A little turtle-guy named Chunky Rice decides that it's time to find his place in The World. Leaving his best friend behind, Chunky sets sail to find himself and learns about longing, friendship, and Siamese twins in the process. GOOD-BYE, CHUNKY RICE is one of the most auspicious debuts I've read in a long while.
It's a sweet and charming lullaby of a book, an all-ages playground of pure comics whimsy and innocent delight tinged with enough of the sad and the surreal to make it poignant while never threatening its buoyant, sing-songy lilt. In fact, it's so sweet I can't figure out why I've responded to it as much as I have. I suppose it must be Thompson's sincerity.
GOOD-BYE, CHUNKY RICE never feels cheap or pandering; it never has to club you over the head or pull at your heartstrings. Nor does GOOD-BYE, CHUNKY RICE feel as if Thompson is winking slyly to the reader in an attempt to maintain his indy cred; his cynic, ironic detachment; his ability to keep it real.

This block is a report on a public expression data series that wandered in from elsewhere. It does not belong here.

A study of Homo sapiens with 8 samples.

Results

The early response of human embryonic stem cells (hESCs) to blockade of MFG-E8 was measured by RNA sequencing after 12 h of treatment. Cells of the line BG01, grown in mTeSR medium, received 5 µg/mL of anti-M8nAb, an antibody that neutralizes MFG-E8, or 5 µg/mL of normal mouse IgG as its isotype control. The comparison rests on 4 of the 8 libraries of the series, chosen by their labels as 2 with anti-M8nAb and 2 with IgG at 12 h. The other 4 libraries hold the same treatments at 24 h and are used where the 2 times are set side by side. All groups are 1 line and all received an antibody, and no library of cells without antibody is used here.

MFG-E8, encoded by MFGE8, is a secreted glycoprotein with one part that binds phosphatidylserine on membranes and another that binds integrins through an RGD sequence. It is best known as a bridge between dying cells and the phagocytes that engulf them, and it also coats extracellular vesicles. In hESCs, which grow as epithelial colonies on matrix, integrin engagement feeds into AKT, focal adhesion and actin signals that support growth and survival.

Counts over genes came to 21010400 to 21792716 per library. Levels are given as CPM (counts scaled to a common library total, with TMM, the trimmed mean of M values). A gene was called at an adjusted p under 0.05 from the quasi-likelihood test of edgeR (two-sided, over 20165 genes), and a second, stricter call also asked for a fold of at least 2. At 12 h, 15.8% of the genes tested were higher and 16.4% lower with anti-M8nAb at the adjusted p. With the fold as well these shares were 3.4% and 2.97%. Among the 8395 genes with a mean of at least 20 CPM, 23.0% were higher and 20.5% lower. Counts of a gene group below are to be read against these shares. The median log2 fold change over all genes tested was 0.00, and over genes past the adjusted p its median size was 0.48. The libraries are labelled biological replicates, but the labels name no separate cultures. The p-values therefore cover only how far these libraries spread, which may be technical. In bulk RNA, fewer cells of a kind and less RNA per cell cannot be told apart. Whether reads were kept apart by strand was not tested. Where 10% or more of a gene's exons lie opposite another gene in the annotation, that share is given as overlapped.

I think that's because GOOD-BYE, CHUNKY RICE is as 'real' as it gets: it's as open and as honest as any book about a turtle-boy searching for his place in the world has a right to be, and thus is something extremely rare. Thompson writes and draws with his heart on his sleeve and comics are a richer, more joyous place for it.
Matt Fraction splits his time between motion graphics and design house MK12, writing comics, and reading comics. He is the author of the graphic novels The Annotated Mantooth and Last of the Independents, both available from AiT/Planet Lar. He can be found on the web at mattfraction.com. His wife is hot.